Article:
Researchers found that mesalamine use among patients with inflammatory bowel disease was associated with a decrease in incidence of colorectal cancer when comparing cases and controls. In the study presented at the 72nd Annual Scientific Meeting of the American College of Gastroenterology, researchers from Henry Ford Hospital in Detroit matched 16 patients with ulcerative colitis and Crohn's disease to 23 controls with similar body mass index, family history of IBD, family history of colorectal cancer and smoking.
Among those with ulcerative colitis who did not get colorectal cancer, researchers found that 100 percent used mesalamine. While among those with UC who developed colorectal cancer only 76.9 percent used mesalamine. "This finding suggests an association between mesalamine use and reduced risk of colorectal cancer," according to Jeffrey Tang, M.D. Dr. Tang and his colleagues, including Ann L. Silverman, M.D., conducted conditional logistic regression analysis which revealed that at doses greater than 5068 grams mesalamine use in patients with IBD was associated with an 89 percent reduction in risk of colorectal cancer, compared to IBD patients matched for other major risk factors. While these are provocative findings, it should be noted that this is a small study and further investigation is needed on the chemoprevention potential of mesalamine.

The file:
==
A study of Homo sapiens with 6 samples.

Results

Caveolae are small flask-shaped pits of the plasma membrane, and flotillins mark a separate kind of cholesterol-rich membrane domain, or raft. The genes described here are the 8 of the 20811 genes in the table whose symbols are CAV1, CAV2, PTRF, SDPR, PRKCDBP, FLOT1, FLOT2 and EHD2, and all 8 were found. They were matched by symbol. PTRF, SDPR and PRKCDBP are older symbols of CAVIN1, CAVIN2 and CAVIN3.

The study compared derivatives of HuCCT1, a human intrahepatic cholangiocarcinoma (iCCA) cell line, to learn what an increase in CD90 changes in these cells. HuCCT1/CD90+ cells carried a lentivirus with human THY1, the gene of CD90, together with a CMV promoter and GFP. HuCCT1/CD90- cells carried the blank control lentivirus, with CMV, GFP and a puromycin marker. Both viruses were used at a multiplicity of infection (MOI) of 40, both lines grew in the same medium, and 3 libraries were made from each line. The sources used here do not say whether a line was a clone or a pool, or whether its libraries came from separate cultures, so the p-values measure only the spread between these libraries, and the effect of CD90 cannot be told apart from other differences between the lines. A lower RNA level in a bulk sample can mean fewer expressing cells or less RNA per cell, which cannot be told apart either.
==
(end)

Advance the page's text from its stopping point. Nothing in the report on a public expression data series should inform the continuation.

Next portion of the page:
Patients with inflammatory bowel disease including ulcerative colitis and Crohn's disease are at significantly higher than average risk for colorectal cancer and should be screened for colorectal cancer according to accepted guidelines, which recommend more frequent screening among those with IBD. However, some research suggests this is not happening.
Poor Adherence to Recommended Screenings for Colorectal Cancer Among IBD Patients
In another study conducted at the University of California, San Francisco and Kaiser Permanente of Northern California and presented at the ACG Annual Meeting, researchers looked at rates of participation in colorectal cancer screening by patients with IBD in an integrated health system with access to colonoscopy. An intensive program of colonoscopic screening and surveillance is recommended to prevent colorectal cancer in patients with ulcerative colitis, who are at higher than average risk.
In this study of 358 patients with ulcerative colitis who were eligible for screening, only one third were screened once during the period 2001 to 2005. Of these 123 patients, only 52 percent had an additional surveillance colonoscopy within the recommended period of one to two years. Overall, only 18 percent of the eligible patients at high risk for colorectal cancer due to history of ulcerative colitis adhered to recommended surveillance guidelines.